Linked by Thom Holwerda on Mon 16th Feb 2009 14:07 UTC
Editorial Late last week we ran a story on how the Google Chrome team had decided to use Gtk+ as the graphical toolkit for the Linux version of the Chrome web browser. It was a story that caused some serious debate on a variety of aspects, but in this short editorial, I want to focus on one aspect that came forward: the longing for consistency. Several people in the thread stated they were happy with Google's choice for purely selfish reasons: they use only Gtk+ applications on their GNOME desktops. Several people chimed in to say that Qt integrates nicely in a Gtk+ environment. While that may be true from a graphical point of view, that really isn't my problem with mixing toolkits. The issue goes a lot deeper than that.
by segedunum on Mon 16th Feb 2009 15:46 UTC in reply to "RE: We're Stuck With It"

It's one of the reasons given, but I've seen no Windows or Mac development companies getting interested in GTK+ because of the license. It was a really rather sad argument to make. It certainly lowers the barriers to entry, as it will with Qt, but picking up development tools out of interest and sticking with it are two different things. Maybe the Qt and KDE people aren't quite so self-conscious, I don't know.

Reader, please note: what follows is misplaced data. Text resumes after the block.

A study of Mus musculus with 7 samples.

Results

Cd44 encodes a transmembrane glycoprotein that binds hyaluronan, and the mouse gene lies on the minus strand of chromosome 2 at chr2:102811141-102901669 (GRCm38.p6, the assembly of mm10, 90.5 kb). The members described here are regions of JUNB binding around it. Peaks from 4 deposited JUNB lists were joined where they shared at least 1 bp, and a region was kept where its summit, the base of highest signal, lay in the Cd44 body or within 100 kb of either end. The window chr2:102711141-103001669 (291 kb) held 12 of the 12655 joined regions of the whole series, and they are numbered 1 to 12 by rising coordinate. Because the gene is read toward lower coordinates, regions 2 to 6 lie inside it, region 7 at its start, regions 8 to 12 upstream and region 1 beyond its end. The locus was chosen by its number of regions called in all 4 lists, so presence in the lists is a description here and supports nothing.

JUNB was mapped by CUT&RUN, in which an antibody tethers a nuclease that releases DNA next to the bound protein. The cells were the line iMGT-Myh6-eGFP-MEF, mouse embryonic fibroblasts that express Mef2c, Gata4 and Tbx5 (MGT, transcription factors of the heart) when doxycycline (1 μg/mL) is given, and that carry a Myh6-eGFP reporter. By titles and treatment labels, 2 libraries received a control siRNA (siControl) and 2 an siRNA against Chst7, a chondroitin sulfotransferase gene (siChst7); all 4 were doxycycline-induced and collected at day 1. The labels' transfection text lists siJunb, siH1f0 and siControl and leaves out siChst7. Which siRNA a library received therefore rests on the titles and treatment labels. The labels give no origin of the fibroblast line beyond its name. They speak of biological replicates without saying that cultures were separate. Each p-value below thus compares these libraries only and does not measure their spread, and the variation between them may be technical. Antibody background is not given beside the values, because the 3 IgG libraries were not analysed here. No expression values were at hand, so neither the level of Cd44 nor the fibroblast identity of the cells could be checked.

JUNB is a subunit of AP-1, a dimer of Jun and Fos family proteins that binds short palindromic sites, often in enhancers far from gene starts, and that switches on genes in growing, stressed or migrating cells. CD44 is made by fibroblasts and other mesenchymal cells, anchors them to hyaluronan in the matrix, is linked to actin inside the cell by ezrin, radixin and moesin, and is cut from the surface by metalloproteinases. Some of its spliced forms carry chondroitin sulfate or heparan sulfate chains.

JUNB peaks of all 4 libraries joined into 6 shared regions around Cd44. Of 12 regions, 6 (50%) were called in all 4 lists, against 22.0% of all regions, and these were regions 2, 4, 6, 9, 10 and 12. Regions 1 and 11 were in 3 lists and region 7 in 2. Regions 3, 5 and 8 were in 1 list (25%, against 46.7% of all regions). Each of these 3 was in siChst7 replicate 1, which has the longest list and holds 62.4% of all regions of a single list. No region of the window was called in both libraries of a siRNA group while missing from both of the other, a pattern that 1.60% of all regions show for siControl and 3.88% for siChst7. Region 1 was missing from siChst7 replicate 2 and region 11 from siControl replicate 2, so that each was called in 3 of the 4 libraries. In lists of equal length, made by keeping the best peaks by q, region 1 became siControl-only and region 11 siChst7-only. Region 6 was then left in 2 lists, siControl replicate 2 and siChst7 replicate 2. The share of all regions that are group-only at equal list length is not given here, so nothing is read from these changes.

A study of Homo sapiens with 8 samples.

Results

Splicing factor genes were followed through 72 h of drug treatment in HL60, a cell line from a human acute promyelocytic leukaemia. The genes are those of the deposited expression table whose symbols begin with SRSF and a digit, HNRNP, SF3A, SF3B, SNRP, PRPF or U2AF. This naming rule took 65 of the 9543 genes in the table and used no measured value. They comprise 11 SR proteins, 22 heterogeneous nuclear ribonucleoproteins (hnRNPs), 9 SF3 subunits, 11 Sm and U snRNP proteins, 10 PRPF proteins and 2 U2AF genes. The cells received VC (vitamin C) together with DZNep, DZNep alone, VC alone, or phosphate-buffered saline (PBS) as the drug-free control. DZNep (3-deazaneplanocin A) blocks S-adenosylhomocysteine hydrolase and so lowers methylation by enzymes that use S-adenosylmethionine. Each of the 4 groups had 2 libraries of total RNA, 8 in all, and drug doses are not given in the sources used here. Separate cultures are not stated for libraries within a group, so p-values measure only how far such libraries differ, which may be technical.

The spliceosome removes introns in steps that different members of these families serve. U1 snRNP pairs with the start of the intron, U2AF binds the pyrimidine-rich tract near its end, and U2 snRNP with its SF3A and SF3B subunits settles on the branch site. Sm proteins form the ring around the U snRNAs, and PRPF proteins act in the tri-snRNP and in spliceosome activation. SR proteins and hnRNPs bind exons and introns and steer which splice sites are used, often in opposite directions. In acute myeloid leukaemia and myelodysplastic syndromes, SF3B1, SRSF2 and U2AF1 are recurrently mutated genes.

Going back to the article, I just don't see how you will attract applications, and henceforth users, to your desktop and platform by advocating the 'one toolkit' route. It just limits the functionality you have available on a platform that is absolutely crying out for applications and users.

...although the gnustep people have been claiming that gnome did look into gnustep as a possible api for gnome before they finally settled on gtk.

If that's true then they need their heads examined. With the right investment of people and time GNUStep could have been so much more.